Adderall is one of the most frequently prescribed stimulants to treat ADHD in the United States. It is also a commonly misused and abused drug. In 2016, over 17 million Adderall prescriptions were written, and an estimated 2% of the population (5.1 million people) met the criteria for having a prescription stimulant use disorder.
Misuse of Adderall and other ADHD medications are sometimes considered to be limited to high school and college students who are looking for “study drugs” that will improve their grades, but Adderall misuse is also common among adults who are trying to increase their productivity. However, there is little evidence that stimulant offers appreciable benefits to people who have not been diagnosed with ADHD.
Even when taken as prescribed, regular Adderall use rapidly leads to the development of tolerance. Tolerance is caused when the brain adapts to the persistent presence of Adderall and is characterized by a diminishing effect of Adderall over time. This effect can increase the likelihood of misuse, which is the use of a prescribed drug in any way other than as directed. Adderall misuse can include taking more than prescribed or taking normal doses more frequently than prescribed. Misuse and abuse are differentiated by the desired outcome. Misuse aims to achieve the same effect that was initially experienced. The goal of Adderall abuse is to achieve the sensation of being high.
Adderall tolerance, misuse, and abuse can drive dependence and addiction. Dependence is characterized by uncomfortable physical and psychological withdrawal symptoms that develop if the dose is reduced or eliminated. Addiction is an extension of dependence and is characterized by obsessive drug-seeking behaviors in spite of negative health and social ramifications.
What is Adderall Withdrawal?
Adderall withdrawal is a consequence of dependence, but it is important to distinguish between an Adderall crash and Adderall withdrawal. When Adderall wears off, people often experience symptoms of irritability, fatigue, and cravings that may be present for several hours. This “crash” is not the same as withdrawal, although the symptoms overlap. Withdrawal is characterized by persistent symptoms that develop over the course of a few days and that may last for up to 10 days.
Withdrawal symptom severity is generally related to dependence/addiction severity, but withdrawal progression can often be broken down into two stages. The first couple of days are characterized by exhaustion, fatigue, and depression. The following stage features subsequent symptoms include mood swings, increased appetite, poor concentration, and insomnia.
How Long Does Adderall Stay In Your System?
The half-life of Adderall is 9 to 14 hours, meaning that the drug will be nearly out of your system within 45 to 70 hours. However, Adderall addiction includes both physical and psychological components, and withdrawal symptoms can persist well beyond the time when all Adderall is completely out of your system. Mild cases of Adderall dependence may completely resolve within a matter of days or weeks, while severe cases may have symptoms that persist for several months.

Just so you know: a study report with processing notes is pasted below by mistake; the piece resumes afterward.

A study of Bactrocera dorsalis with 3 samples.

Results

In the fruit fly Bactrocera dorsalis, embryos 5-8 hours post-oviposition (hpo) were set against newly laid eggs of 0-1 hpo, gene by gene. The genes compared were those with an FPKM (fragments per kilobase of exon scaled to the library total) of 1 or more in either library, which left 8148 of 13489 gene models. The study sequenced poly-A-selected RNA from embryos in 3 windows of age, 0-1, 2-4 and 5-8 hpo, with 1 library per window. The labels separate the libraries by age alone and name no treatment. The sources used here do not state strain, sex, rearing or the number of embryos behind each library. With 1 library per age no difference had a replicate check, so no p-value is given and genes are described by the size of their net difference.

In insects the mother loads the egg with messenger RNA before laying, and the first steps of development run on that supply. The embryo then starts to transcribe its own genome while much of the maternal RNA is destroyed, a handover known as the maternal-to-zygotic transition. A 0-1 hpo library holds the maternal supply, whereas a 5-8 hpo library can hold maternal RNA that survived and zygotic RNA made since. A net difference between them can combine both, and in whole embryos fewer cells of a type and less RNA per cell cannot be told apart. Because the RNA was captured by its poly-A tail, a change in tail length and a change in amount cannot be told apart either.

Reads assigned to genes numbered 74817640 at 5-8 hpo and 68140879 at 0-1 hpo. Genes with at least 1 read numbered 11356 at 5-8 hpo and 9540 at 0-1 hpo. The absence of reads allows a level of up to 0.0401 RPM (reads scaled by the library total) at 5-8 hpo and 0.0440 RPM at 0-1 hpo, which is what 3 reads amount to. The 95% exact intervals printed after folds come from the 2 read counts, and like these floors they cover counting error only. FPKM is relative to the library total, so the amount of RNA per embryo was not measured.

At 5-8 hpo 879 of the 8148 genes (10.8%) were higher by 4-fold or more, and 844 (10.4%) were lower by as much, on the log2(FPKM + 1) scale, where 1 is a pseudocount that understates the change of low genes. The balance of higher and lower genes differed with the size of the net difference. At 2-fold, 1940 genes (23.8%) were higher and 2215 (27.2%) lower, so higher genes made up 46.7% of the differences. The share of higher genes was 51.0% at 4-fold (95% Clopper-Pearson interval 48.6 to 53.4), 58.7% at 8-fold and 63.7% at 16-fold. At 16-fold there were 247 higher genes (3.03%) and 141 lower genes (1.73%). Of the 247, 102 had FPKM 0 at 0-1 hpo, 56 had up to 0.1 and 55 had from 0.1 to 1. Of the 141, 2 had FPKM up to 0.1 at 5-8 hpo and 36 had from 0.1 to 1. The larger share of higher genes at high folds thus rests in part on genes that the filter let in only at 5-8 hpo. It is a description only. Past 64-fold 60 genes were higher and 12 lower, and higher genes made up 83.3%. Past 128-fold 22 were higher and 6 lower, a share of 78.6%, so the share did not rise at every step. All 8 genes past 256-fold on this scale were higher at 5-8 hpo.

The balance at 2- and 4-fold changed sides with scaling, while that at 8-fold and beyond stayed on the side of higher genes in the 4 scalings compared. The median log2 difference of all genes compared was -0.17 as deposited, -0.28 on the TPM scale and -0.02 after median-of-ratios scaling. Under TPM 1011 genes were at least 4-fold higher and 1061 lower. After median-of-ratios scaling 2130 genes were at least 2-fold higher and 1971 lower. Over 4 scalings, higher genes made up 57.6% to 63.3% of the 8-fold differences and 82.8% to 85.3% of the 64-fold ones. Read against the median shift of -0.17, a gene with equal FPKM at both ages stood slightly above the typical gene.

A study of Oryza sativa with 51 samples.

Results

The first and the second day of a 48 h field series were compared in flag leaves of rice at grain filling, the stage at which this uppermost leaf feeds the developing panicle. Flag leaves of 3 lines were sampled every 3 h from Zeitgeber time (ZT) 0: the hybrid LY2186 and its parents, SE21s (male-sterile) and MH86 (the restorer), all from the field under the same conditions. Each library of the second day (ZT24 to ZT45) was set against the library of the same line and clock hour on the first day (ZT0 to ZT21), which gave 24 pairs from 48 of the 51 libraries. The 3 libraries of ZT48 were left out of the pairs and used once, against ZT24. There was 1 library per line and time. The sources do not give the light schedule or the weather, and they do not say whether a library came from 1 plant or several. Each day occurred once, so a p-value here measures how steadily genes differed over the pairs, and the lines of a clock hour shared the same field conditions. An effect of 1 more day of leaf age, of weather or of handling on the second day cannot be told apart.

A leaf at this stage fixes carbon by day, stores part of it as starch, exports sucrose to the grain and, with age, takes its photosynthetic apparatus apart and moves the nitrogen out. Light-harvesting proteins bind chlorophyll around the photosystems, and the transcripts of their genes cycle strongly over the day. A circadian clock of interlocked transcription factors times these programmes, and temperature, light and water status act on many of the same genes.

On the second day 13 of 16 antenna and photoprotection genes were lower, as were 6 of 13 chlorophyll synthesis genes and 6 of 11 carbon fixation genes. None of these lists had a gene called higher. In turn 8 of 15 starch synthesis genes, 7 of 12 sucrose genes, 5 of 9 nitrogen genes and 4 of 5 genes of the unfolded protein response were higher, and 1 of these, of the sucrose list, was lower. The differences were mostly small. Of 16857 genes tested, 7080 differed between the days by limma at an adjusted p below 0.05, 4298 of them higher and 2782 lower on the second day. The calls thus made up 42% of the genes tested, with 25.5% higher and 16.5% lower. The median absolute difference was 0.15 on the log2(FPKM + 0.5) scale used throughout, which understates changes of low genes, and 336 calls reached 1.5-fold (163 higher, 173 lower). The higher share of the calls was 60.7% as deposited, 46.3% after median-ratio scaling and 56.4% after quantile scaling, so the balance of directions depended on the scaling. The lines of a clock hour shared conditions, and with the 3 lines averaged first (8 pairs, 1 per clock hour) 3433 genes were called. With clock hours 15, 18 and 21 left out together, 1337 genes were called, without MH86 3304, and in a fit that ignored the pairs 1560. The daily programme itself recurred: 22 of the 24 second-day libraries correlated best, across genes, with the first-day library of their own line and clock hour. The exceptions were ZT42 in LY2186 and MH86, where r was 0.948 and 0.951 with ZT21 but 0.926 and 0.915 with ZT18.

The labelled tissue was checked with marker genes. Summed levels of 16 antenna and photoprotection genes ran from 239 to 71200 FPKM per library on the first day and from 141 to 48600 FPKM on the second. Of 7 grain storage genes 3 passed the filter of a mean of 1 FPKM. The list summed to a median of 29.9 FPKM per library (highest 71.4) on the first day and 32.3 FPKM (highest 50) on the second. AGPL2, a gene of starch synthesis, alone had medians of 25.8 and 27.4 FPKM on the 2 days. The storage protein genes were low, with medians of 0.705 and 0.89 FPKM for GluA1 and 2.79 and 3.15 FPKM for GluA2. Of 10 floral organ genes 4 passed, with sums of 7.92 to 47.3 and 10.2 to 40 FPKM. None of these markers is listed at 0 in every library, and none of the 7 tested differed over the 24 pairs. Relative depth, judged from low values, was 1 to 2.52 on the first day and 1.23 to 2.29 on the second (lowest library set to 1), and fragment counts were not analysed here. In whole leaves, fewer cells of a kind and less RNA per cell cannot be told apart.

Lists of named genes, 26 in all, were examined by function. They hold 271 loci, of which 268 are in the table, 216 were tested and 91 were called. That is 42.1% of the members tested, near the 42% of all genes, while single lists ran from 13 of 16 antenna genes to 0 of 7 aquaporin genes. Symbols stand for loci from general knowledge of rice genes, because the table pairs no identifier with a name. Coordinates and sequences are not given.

Adderall Withdrawal Symptoms
Among the most commonly reported side effects of Adderall withdrawal are:
- Side Effects of Adderall Withdrawal
Body aches or pains
Lack of focus
Lack of motivation
Although Adderall withdrawal is not associated with physical dangers, it is important to note that it can be associated with depression. People who are already at risk for depressive episodes may experience suicidal thoughts or behaviors. Mounting evidence supports light to moderate exercise as a way to manage withdrawal-related depression. However, if you are concerned about your own or someone else’s well-being during a period of withdrawal, seek professional assistance immediately.
Adderall Withdrawal Timeline
The first three to five days of Adderall withdrawal are considered to be the “acute” phase, and common symptoms of withdrawal often include:
- Early Withdrawal Symptoms
Lack of motivation
Hypersomnia (excessive sleep)
As withdrawal progresses, acute symptoms give way to new symptoms, which persist for 7 to 10 days. These new symptoms may include:
- Late Withdrawal Symptoms
Inability to concentrate
Headache or body aches and pains
Factors Impacting Adderall Withdrawal
The most impactful factor in determining the Adderall withdrawal timeline is the degree of dependence. However, there are factors that contribute to the timeline, including extrinsic factors like Adderall dosage, the presence of other substances and even the presence of emotional support systems. Additionally, intrinsic factors like age, metabolism, and genetics also influence the withdrawal timeline.
How To Cope With Adderall Withdrawal
Unfortunately, there are no Adderall withdrawal remedies that are shortcuts. Mild symptoms are often successfully managed with exercise, a healthy diet, and good sleep routines. In cases of severe withdrawal, professional help may be warranted.
The most extreme cases of Adderall use disorders may benefit from a supervised period that will allow your body to detox from the drug. Medical detox is a rehab program that provides 24/7 supervision and, if appropriate, medications may be provided to mitigate symptom severity.
When to Find Help in South Florida
If you are struggling to reduce or quit your Adderall use, it may be time to seek professional help. There are several rehab resources in South Florida, including The Recovery Village Palm Beach at Baptist Health. Our comprehensive rehab programs use evidence-based techniques that are proven to help people overcome prescription stimulant use disorders and achieve long-term recovery.
Contact The Recovery Village Palm Beach at Baptist Health to speak with a representative about how professional treatment can address your substance use disorder. You deserve a healthier future, call today.